Q&A with Bryan Fletcher
The new dad opens up about how he’d spend a perfect day with his daughter, and the quirky side of being a Nordic combined athlete.
What is your earliest memory of trying out Nordic combined? Did you try jumping or skiing first?
I was probably 4, and I remember heading out for the learn to jump day at Howelson Hill. I remembering being very nervous to go off the jump but also very excited to do it. Then the coach who was working that day gave me a few pointers and sent me on my way. As soon as I was in the air I was hooked. I immediately wanted to go up to the next-biggest jump and deep down I knew I wouldn't stop until I reached the biggest jump.
What is the first Olympics you remember watching?
I remember watching the 1994 Games in Lillehammer, and seeing the team who trained at Howelson Hill, and that was the first realization for me that it was possible to reach the Olympics.
Do you do anything for training that’s out of the ordinary or experimental?
Yes, in the couple years we have been experimenting with blood flow modification training. Essentially wearing a blood pressure cuff while training to make sessions harder and more efficient. Our team has been working with B-Strong Bands and Kaatsu for about three years now.
What’s a weird quirk about Nordic combined that most people don’t realize?
We don't pick the color of our jump suits for looks. We typically pick colors based on the quality of the material and how fast or slow the material is. The material has a major effect on our jumping so we spend a ton of time picking a material based on the way it flies or based on its permeability. Unfortunately, sometimes the best colors are the ugliest combinations.
What do you consider your breakthrough moment, where you knew you could compete at an elite level and one day reach the Olympics?
Yes, in 2002. I had trained really hard that summer, specifically in jumping and that winter I came out and even surprised myself. I jumped incredibly well and received an opportunity to fore jump the Olympics in Salt Lake City. I remember that year was the first year that I knew I could make it in the higher level of competitions.
What’s the best piece of advice you’ve ever received?
"Big Trees Grow Slowly," JT Kearny. My coach DJ gave me this quote a few years back and it's been applicable to many aspects of my life.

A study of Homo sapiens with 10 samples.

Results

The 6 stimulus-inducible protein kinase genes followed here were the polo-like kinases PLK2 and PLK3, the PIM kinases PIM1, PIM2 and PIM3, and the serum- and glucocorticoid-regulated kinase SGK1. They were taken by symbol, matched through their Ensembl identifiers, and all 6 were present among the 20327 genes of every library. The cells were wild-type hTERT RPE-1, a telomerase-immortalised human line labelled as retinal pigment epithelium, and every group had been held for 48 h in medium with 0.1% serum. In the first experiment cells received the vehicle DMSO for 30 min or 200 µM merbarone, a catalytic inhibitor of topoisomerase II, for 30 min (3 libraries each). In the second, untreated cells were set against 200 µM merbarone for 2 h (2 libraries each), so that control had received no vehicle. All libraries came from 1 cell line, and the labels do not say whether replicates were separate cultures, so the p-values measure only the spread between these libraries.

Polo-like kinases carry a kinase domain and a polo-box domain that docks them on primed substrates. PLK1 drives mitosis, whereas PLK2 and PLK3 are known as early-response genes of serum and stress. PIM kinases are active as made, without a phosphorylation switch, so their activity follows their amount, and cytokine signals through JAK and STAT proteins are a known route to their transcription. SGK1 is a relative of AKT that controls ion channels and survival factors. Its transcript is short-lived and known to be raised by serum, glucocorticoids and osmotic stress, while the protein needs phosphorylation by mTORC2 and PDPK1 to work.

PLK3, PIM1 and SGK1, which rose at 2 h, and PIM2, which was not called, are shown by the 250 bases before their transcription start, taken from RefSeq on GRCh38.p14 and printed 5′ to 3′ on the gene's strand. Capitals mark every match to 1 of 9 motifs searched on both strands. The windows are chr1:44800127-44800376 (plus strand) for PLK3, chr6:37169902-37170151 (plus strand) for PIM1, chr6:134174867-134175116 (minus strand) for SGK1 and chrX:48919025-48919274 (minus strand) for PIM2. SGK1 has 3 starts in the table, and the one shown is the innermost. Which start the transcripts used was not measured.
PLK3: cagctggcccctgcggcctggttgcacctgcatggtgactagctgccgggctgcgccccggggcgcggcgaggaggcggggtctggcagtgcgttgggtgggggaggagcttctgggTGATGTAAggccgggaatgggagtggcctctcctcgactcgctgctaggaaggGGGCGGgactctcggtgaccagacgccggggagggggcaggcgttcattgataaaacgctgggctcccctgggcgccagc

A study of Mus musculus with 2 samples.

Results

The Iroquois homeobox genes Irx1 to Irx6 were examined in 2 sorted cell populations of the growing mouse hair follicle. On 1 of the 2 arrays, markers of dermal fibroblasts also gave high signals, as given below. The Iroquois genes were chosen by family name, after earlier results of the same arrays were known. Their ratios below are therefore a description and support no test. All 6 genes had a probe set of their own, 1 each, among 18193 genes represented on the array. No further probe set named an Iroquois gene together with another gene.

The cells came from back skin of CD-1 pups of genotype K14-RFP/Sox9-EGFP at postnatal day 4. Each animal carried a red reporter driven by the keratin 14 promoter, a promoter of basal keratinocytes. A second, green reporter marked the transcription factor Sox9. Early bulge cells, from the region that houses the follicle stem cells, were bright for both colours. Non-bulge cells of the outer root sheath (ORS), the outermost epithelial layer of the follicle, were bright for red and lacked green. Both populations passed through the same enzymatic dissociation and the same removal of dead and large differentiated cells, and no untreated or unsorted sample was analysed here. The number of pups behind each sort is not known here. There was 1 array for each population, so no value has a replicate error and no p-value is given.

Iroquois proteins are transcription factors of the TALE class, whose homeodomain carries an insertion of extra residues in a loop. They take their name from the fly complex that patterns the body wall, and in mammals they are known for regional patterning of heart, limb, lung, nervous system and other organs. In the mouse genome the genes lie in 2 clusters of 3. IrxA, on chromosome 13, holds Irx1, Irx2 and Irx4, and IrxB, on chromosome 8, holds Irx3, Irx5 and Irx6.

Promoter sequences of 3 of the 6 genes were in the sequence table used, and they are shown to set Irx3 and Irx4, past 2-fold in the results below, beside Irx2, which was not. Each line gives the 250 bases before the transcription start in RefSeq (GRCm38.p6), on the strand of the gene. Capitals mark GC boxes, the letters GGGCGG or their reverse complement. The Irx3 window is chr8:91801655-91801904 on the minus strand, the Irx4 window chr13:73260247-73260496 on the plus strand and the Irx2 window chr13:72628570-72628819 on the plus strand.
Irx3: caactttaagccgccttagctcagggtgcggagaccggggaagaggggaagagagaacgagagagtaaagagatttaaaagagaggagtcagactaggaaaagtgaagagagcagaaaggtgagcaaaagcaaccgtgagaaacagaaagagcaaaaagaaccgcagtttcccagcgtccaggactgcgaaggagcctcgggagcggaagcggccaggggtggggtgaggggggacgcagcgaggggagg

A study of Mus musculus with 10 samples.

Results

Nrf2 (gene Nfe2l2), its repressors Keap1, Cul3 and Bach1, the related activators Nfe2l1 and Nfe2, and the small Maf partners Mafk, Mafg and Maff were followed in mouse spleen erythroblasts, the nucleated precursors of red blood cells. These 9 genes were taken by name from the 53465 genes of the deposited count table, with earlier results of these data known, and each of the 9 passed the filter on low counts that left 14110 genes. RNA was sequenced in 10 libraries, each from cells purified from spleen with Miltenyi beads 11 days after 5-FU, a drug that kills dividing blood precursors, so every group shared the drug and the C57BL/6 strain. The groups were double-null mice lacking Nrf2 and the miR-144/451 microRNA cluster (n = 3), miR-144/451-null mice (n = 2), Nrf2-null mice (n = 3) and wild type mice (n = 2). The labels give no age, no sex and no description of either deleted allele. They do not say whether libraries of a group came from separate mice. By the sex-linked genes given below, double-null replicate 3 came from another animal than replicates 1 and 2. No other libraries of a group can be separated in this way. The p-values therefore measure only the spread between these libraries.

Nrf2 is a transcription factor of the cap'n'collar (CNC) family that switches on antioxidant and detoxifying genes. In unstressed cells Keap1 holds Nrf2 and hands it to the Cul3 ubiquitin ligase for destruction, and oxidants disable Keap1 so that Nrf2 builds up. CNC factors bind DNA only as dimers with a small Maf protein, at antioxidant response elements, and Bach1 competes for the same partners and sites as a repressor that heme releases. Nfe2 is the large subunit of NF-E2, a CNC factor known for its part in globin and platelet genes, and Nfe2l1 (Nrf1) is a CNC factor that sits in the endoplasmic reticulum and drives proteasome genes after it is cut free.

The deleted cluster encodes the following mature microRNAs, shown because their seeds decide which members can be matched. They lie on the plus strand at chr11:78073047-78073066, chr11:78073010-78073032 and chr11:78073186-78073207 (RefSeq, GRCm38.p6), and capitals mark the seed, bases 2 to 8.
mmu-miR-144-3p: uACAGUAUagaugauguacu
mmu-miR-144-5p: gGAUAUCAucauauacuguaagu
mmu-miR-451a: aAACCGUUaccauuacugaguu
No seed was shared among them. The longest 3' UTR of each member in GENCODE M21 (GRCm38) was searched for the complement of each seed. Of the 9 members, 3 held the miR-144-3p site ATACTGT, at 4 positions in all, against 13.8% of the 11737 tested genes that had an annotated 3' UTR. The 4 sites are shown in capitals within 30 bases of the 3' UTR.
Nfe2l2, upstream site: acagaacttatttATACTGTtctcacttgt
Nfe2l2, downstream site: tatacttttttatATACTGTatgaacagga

Did anyone ever tell you that you wouldn’t succeed? How did you overcome that?
My coach DJ once challenged me when I showed up with the improper attire for training. I said I kind of didn't think it would matter, and he said "Do you kind of want to be good, or do you want to be good?"
What would people be surprised to learn about training for the Olympics?
It's not just an every four year commitment. In our sport, training for the Olympics takes several decades to reach the needed fitness and skill level to attain a medal.
What’s your favorite perk of being an elite Olympic athlete?
Getting to train and spend time outdoors instead of in the office.
Tell us about your family.
I am married to an amazing woman, Nikki, who is also the mother of our daughter Ellery. Ellery was born on Aug. 29, 2016, and we are enjoying every minute of parenthood. Being a parent certainly makes training and competing a bit more challenging. Obviously, our sport requires a tremendous amount of travel and time commitments and that means time away from Ellery. So I do the best I can to balance both my training and my family life. I have goals on both sides of the equation. I want to be active in my parenting and be the best father I can be. My family needs take priority over my skiing but I have to be sure not to sacrifice too much on training or competition.
Do you have any pets?
Yes, I have springer spaniel/ Australian shepherd mix named Sochi. We got her the year before the Sochi Games and she is basically our second child.
What would you be doing if you were not an athlete?
I would probably still be skiing as much as possible! At the moment I would be enjoying family life, finishing school and probably working a job that would allow me to still be outside enjoying life as much as possible.
Can you describe your perfect day off?
Going on an adventure with my wife and daughter. Maybe a walk around the neighborhood, camping, or swimming with Ellery. It really doesn't matter what we do as long as we are all together.
Do you play any other sports?
Mostly biking, mountain and road. I used to white water kayak a lot.
Are there any Summer Olympic sports you’d like to try out?
How do you unwind after a competition?
Recovery! After every competition it's important to relax, recover and get ready for the next competition.
What are some of your favorite hobbies?
Gardening home improvement projects. My wife and I just bought our first house in 2016 and I love to work on it. Currently, I am tearing out an old playground and slide to put in a fenced garden. Next will be replacing the shingles on the roof!
What kind of music do you listen to while you train?
The Devil Makes Three, Tool, Lil Wayne, The Doors, Led Zeppelin
What are your favorite movies?
Quentin Tarantino movies are almost always great. Also Forrest Gump is a classic!
What do you like to watch on TV?
Currently it’s “This is Us,” Saturday Night Live, The Walking Dead, Tonight Show with Jimmy Fallon.
What physical routine makes you feel your best, outside of training?
Being happy! Doing whatever it is in the moment that makes you smile. Generally eating healthy and socializing with friends.
What are the five must-have items in your gym bag?
Weight shoes, shorts, shirt, Halo Neuroscience headset and B-Strong bands. Of course a Honey Stinger Recovery bar as well.
What’s your go-to karaoke song?
Absolutely. A group sing along to "Sweet Caroline" by Neil Diamond is always a good time!